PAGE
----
National Press Club

VA secretary aims to focus agency on service-connected disabilities, rather than age-related ailments

November 7, 2017 | By Ken Dalecki |

David Shulkin

David Shulkin

Department of Veterans Affairs Secretary David Shulkin said at a National Press Club luncheon on Monday, Nov. 6, that he aims to focus department efforts on veterans with service-connected disabilities, such as brain injuries and post traumatic stress syndrome, rather than on a growing number of age-related ailments.

The nation's ninth VA secretary noted that the average degree of disability among some 4.4 million veterans receiving disability benefits has soared from 30 percent in 1995 to 50 percent today. Shulkin, an internist who served as undersecretary for health at VA before being confirmed to the top job in February, wants the department to promote independence for veterans by eliminating what he called disincentives to recovery while continuing to support those with severe disabilities. About 9 million of the nation's 21 million veterans are enrolled in the VA health care system.

In answer to a question, Shulkin said he supports denying VA benefits to those who receive a dishonorable discharge from the military. He included Bowe Bergdahl, who received a dishonorable discharge from the Army for abandoning his post in Afghanistan, and Devin Patrick Kelley, who killed at least 26 people in Texas on Nov. 4. Kelley received a dishonorable discharge from the Air Force in 2012. "I don't consider him a veteran." Shulkin said of Kelley, who was found dead in his car after a crash while fleeing the massacre scene. "He doesn't deserve that recognition."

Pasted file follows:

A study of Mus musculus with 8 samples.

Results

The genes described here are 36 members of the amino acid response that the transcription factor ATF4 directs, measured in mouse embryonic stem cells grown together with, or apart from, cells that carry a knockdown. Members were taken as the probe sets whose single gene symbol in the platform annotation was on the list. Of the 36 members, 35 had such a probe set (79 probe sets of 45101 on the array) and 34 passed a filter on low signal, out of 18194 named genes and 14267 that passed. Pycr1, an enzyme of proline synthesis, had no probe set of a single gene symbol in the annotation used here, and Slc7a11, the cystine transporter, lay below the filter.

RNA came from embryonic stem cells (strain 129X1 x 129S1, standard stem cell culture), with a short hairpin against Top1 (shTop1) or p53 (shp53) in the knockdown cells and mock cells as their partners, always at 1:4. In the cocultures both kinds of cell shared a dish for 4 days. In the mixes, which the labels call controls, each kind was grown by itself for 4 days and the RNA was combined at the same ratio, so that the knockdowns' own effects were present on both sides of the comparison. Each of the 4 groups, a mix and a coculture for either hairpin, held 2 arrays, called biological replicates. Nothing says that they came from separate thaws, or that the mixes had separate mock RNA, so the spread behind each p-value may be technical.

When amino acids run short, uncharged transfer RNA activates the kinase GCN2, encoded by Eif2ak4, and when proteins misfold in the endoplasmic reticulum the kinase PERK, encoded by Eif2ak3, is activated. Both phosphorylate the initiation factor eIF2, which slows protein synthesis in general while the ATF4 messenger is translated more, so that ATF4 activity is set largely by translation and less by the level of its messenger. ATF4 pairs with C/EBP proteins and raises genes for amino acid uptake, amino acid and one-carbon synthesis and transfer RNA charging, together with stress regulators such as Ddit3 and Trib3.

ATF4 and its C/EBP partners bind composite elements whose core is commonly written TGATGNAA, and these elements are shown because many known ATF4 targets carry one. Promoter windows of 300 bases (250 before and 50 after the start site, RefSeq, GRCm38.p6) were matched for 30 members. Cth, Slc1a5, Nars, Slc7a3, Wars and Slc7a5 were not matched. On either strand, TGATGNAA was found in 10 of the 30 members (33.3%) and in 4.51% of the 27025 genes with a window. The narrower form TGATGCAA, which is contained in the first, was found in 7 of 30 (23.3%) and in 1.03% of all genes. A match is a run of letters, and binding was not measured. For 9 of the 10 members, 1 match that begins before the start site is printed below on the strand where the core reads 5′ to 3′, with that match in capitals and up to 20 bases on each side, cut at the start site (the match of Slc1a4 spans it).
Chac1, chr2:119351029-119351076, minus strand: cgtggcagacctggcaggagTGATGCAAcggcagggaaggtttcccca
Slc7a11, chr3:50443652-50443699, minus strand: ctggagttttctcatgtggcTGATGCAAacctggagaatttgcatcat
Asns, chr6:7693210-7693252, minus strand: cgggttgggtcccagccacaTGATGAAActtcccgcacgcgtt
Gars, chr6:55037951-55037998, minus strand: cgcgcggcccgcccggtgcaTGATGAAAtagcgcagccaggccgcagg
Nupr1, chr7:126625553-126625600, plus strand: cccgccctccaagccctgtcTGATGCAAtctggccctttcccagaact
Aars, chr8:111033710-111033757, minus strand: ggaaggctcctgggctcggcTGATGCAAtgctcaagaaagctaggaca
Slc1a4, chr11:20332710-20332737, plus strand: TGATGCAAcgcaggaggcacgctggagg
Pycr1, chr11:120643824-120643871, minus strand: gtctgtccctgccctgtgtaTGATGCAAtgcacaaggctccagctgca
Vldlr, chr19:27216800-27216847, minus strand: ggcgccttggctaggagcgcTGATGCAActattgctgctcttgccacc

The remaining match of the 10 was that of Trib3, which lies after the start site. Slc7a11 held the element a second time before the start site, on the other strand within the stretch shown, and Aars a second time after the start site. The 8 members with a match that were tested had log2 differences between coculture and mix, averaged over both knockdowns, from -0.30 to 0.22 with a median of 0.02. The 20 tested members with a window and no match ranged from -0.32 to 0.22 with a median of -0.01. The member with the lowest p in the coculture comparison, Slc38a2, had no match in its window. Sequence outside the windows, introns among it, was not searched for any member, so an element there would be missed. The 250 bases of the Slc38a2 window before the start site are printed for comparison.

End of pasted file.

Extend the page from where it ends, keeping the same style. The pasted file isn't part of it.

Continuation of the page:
While compassion warrants helping troubled individuals like Kelley, he said it should not come through the VA. But Shulkin said he does support VA assistance to those who receive discharges that are other than honorable but short of dishonorable.

Asked about the timeliness of providing veterans medical services, Shulkin said the "each day I think we are getting better" at reducing wait times since it became a major issue in 2014. He said wait times, which the VA makes public, are shorter than in the private sector.

The VA Secretary praised Congress for bi-partisan support for five major bills in recent months to improve VA employee accountability, expand medical care options, improve the claims appeals process and update the GI Bill. He said there is still "too much bureaucracy" in processing veterans claims and that current laws make financial management at the VA "completely irrational."

After years of study and delay, Shulkin said he has made recommendation on expansion of VA benefits to Vietnam War veterans claiming ailments due to exposure to the herbicide Agent Orange. Without giving details, he said "my intention is to do what is right for veterans" and that his proposals are now part of the rulemaking process.

Asked about protection for whistle blowers in the VA, Shulkin said he working to "strike a balance" between genuine whistle blowers and employees who don't do their job and claim whistle blower status.